Help for the Holidays

Holiday meals are like an Olympic boxing match: Each has three rounds.

Round 1 Try not to start the big meal with an outsized appetite. You can start with a breakfast that’s heavy in protein – like eggs and meats. This will digest slowly and leave you with less hunger than carbs will. Staying hydrated also helps because thirst sometimes seems like hunger and the fluids will also help you feel fuller.

Round 2 Dinner is usually loaded with food choices and they’re not all equal. Lots of them have low or moderate amounts of carbohydrate. Carbohydrates have the same impact on blood glucose levels as sugar (1 gram of carbohydrate = 1 gram of sugar). You can eat whatever you want, including tasty high carb foods, but you should limit those and fill up on lower carb choices. Here’s a comparison of typical holiday foods with their carb content per 1/2 cup:

  • Cheddar cheese 0
  • Turkey, ham, beef, fish 0
  • Garden salad (no dressing) 0
  • Dressings (from oil & vinegar to 1000 Island 0
  • Asparagus 3
  • Broccoli 3
  • Green beans 3
  • Squash 3
  • Spinach 4
  • Zucchini 4
  • Cauliflower “mashed potato” 4
  • Carrots 6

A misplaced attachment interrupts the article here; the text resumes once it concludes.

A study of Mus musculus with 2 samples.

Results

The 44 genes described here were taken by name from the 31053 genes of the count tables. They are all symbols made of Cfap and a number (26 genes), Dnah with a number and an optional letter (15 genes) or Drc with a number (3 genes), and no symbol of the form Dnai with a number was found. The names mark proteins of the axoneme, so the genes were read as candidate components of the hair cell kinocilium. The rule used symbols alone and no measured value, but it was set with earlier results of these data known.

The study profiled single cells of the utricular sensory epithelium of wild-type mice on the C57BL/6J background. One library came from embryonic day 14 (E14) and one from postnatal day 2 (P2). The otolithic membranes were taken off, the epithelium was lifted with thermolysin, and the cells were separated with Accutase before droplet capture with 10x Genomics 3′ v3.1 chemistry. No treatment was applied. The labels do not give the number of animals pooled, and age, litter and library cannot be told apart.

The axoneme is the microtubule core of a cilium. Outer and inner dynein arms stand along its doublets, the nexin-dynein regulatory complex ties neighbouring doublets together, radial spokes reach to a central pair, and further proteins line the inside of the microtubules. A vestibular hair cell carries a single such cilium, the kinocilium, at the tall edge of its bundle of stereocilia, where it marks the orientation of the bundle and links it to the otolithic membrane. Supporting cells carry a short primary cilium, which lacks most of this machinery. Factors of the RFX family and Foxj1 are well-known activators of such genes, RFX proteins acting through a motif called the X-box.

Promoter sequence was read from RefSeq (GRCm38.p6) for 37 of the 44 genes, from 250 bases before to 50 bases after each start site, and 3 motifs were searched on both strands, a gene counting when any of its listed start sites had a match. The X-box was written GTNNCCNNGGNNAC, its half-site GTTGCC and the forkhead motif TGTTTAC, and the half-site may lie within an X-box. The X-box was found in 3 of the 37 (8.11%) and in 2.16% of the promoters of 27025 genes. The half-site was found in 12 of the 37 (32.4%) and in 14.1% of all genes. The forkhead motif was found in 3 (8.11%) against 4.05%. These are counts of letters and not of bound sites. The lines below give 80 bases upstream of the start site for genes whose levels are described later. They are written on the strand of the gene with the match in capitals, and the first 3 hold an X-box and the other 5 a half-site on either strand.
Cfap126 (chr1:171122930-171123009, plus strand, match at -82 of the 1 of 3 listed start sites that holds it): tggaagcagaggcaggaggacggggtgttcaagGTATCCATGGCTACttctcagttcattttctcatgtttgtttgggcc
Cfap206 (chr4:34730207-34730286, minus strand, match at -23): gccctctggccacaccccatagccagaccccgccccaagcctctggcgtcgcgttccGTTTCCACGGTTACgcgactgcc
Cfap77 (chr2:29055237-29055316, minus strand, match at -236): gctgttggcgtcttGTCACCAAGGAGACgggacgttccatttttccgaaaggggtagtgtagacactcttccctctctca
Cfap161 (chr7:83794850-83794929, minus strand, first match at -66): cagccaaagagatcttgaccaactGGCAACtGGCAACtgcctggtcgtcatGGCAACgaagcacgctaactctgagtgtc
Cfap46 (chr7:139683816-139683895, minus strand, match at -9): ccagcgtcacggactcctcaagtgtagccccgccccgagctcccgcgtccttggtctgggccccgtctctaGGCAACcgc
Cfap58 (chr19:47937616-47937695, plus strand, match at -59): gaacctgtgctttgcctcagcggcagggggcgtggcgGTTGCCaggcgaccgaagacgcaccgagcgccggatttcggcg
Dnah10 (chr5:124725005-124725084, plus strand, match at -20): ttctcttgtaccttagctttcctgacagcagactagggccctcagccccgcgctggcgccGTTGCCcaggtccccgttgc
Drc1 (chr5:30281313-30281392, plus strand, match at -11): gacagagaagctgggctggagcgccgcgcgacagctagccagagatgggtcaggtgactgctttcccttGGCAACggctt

• Broccoli casserole (no bread/cracker topping ) 10
  • Stuffing 11
  • Creamed onions 15
  • Egg nog 17
  • White or sweet potato 20
  • Yams 20
  • White pasta 20
  • Peas 21
  • Brown rice 22
  • Dinner roll 22
  • Macaroni & cheese 23
  • Gravy (from thin to thick) 24-36
  • Croissant 26
  • White rice 30
  • Cranberry sauce 53 Butter, margarine and olive oil have no carbs. Spices are zero to low carbohydrate.
  • Fruit pie (1/8 of 9″ pie) 44
  • Ice cream (1/2 cup) 17

If you fill up on foods you like on the upper part of the list and enjoy those on the lower section moderately you’ll be in a much better position than if you loaded up on the high carb dishes.

Round 3 OK, maybe you overindulged anyway and lost the second round on points. You still haven’t lost the match because it’s decided by average blood glucose levels, not temporary spikes.

You can still win by knocking it down and it’s not all that hard to do. Moderate exercise drops the blood glucose level naturally without requiring medication. Going for a brisk walk will work. You know you’re doing it effectively if you can talk but not sing, so going with others can be fun. If this isn’t feasible, any type of exercise – anything that makes your skeleton move – will help.

You can enjoy a great meal and come out a winner! I plan to.